Since the last property boom started to gain traction, in 2003, nominal capital values have virtually doubled in seven years, rising by 97.4%. This includes a cumulative rise of 23% over the three years to the end of the last decade – the period when the global financial crisis struck, prompting a severe re-pricing in commercial property values in virtually all other markets worldwide.

End investor returns are also supported by strong income returns relative to most major real estate investment markets. The 10-year annualised income return or yield is 9.7%, according to the IPD South Africa Annual Property Index. This income growth is driven by contracted rental uplifts linked to inflation and by a growing economy creating demand for space.

Commercial property prices in major real estate markets, such as the US and the UK, were lower at the end of the decade than before the last boom. That is, their entire accumulated price appreciation during the ‘mid-noughties’ were eroded out by the global financial crisis. Indeed, in some markets they fell further still.

The crucial differentiator between most major real estate markets and South Africa is inflation. South Africa is often regarded as virtually the last bastion of inflation in the property investment world, with volatile levels peaking in double-digits throughout the last decades. More recently however, inflation has been trending downwards, and sits at 3.2% as at September 2010, at the lower end of the government’s target range of between 3% and 6%.

Adjusting South African commercial property values for inflation reveals a very different picture, as the chart below shows. On a real capital growth basis, commercial property values actually depreciated in 2008 and 2009 by -4.9% and -5.6%, respectively. On a 10-year time horizon, the nominal capital return of 7.1% is almost entirely eroded to just 0.9% after taking inflation into account.

The real story of growth has been the development of the South African Property market over 15 years and the steady rise in income to investors and managers.

South Africa owes its boom years’ success to the same dynamics which benefited many other markets – compressing yields and increases in rental values; the twin drivers of capital growth. Net income yields compressed in four consecutive years from 2003 to 2007 by 220 basis points to 7.6% – historically the lowest levels in the 15 years of the IPD index. Despite a 50 basis points yield expansion over the subsequent two years, to 8.1%, capital growth remained positive, albeit at increasingly modest levels. Capital appreciation has continued into 2010 – just – as a positive 20 basis points recorded for the first six months of 2010.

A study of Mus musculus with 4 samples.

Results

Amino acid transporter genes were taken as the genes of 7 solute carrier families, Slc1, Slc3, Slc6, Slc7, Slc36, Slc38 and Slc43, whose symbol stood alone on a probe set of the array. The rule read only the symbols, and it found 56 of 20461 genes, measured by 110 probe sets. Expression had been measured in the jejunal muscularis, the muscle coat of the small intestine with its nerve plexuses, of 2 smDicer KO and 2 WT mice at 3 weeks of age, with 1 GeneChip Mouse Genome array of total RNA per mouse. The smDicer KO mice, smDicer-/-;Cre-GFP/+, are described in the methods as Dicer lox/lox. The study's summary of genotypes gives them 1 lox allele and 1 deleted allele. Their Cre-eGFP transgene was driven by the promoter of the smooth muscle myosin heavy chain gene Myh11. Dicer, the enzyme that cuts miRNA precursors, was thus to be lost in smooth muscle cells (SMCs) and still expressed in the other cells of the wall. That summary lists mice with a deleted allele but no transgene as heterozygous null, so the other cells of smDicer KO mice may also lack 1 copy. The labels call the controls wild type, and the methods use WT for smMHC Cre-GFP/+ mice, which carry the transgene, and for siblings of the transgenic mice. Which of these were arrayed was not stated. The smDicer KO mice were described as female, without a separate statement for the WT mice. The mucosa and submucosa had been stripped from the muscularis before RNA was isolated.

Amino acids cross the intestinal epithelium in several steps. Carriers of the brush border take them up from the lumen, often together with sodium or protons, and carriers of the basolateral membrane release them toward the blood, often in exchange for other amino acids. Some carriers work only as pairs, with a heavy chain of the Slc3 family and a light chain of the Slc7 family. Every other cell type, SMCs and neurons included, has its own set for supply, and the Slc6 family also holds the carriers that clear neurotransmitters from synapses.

Net income growth, a measure of rent received less costs, rose from 7.1% in 2003 to 12.6% at the end of 2007. Thereafter, the rate at which net income growth grew eased slightly to record 9.4% at the end of 2009, while over the first six months of 2010, 4.3% was delivered, based on the biannual indicator.

The availability of cheap debt to stimulate the transaction market helped to further demand and, through developments, supply. Even when the credit crunch struck in mid 2007, the South African market continued to deliver Bull Run level total returns, at 27.7%, supported by the second highest annual capital growth in the index’s 15-year history, at 17.6%.

South Africa’s occupier market has see-sawed in recent years. Currently, supply outstrips demand, which has brought development to a virtual standstill. In the office sector, the sector most sensitive to fluctuations in economic activity, vacancies are back in double-digits, at 10.9%. The problem in high vacancy phases of the property cycle is that it creates fierce competition between landlords to attract tenants, pushing down rents.

To bring the timeline up to date, South Africa’s nominal capital growth has unsurprisingly finally fallen behind those markets for which IPD measures quarterly and biannually. With the exception of the UK, the principal driver of performance for investors over the first half of this year – and indeed the last two years – has been income. Investors’ focus, quite rightly, is on the preservation and growth of that income stream in the face of muted capital growth. See chart below.

From next year, IPD South Africa aims to collate more lease intelligence information to help investors understand the risks associated with their portfolio’s income stream.

South Africa’s real estate market is, arguably, more aligned with emerging markets than to Western Europe and the US, and needs to better understand the risks to real estate income stream, particularly in a period of declining inflation.

The challenge of recent years has been for property investors to fully know their risks, perhaps the next challenge for IPD South Africa is for us to help property owners to manage income risk, understand their degree of dependence on individual tenants and exposure to particular industries. Armed with this insight, investors will be better placed in adjusting their investment strategy whatever the next phase of the property cycle brings.